Host Molly Wood talked with Charles Duhigg, who just took a deep look at the firings, the outbursts and the output over the last six months of drama at Tesla for a story in Wired magazine. The following is an edited transcript of their conversation.
Charles Duhigg: What’s changed is that Tesla has changed. As [Elon Musk] became more anxious and more stressed and, as he put it, as they were going through a manufacturing hell, the company bore a huge brunt of that. And a lot of the people who for a long time sort of served as a check on Musk, a lot of those folks left. And the people who remain are people who are not as practiced or as willing, I think, to push back, and that, as we know in other companies, can sometimes lead to problems.
Molly Wood: Well, in some ways, it feels like the real story here is the people who are still at Tesla who are making this happen. And in fact you quote an executive who says, “What’s really amazing is that we hit that Model 3 production milestone despite all of this.” And you wonder sort of how long can Tesla keep succeeding or succeed at all despite Elon Musk?
Duhigg: Well, that’s the big thing that everyone mentioned to me, is they said, “Look, automobile companies, they succeed because they have one car they’re making really well and because we believe they’re going to make other cars in the future, different kinds of cars to keep up with the marketplace.” And the question is, since Tesla has lost so many executives, so many people who said, “I just can’t work here anymore” or were fired, can the company find the talent it needs to design the cars for tomorrow? I think the other part of that question, which is really interesting, is there is a basic tension within Silicon Valley right now. Is it all about the genius inventor or is it about the teams, the organization that’s larger than any one person, that pushes through success?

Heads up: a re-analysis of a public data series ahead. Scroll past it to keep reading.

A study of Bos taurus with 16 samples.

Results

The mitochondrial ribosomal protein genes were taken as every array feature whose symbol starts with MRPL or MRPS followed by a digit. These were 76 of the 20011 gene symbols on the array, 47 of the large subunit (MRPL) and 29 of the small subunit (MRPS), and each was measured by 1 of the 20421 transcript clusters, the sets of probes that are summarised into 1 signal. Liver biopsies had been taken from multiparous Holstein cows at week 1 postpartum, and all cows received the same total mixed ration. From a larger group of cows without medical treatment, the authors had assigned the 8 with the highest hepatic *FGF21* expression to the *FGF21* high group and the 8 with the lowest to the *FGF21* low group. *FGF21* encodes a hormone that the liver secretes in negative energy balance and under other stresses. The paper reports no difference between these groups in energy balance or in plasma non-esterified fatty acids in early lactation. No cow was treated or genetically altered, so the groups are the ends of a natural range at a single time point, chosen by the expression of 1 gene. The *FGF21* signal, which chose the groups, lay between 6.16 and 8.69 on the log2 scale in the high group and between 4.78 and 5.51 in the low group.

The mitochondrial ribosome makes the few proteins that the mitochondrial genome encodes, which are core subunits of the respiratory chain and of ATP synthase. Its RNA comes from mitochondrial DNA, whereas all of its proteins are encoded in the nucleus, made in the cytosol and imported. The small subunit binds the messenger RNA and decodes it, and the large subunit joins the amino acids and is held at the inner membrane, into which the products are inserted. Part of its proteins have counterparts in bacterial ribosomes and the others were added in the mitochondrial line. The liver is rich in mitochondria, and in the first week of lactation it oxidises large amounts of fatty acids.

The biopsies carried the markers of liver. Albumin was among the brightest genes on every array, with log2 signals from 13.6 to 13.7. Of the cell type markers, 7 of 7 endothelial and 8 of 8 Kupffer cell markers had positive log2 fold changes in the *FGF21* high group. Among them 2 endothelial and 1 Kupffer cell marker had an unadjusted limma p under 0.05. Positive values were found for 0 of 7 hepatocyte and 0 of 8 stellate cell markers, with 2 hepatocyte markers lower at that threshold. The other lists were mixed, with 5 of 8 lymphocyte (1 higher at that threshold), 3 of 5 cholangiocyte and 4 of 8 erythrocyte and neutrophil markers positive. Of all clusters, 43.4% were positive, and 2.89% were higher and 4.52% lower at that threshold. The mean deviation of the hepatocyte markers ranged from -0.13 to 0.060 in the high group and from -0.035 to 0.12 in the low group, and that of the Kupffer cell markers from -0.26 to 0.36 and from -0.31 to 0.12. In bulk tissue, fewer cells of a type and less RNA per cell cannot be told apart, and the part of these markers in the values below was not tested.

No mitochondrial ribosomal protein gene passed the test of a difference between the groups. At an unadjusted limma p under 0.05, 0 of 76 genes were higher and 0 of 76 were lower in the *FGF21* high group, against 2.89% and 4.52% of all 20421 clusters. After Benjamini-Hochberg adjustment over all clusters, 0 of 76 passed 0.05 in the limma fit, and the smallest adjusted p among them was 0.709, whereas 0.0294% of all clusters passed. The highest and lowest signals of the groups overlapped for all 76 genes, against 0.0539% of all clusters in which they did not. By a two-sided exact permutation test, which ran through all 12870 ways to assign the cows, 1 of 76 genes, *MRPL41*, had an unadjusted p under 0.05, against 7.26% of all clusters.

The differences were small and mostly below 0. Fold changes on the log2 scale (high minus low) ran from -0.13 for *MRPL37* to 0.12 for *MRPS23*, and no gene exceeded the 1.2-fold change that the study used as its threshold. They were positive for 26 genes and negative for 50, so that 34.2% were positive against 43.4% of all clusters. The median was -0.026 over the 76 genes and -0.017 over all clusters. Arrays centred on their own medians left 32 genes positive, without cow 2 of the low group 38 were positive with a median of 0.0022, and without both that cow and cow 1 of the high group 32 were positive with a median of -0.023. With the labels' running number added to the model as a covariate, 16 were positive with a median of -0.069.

Wood: Are people going to buy the Model 3, you know, at $20,000 over the originally advertised asking price or at a higher price than EVs from Chevy or Hyundai or Kia because of that Elon Musk mystique?
Duhigg: I think that’s a really interesting question, right? What happens when your brand is so tied up with one person and that person sometimes acts unexpectedly or erratically? And as electric vehicles become less of a novelty and more of a mainstream product, how many people are going to say, “Oh, I want that one that proves to the world that I’m an iconoclast”? And how many are going to say, “You know, I just want a really good and inexpensive ride”?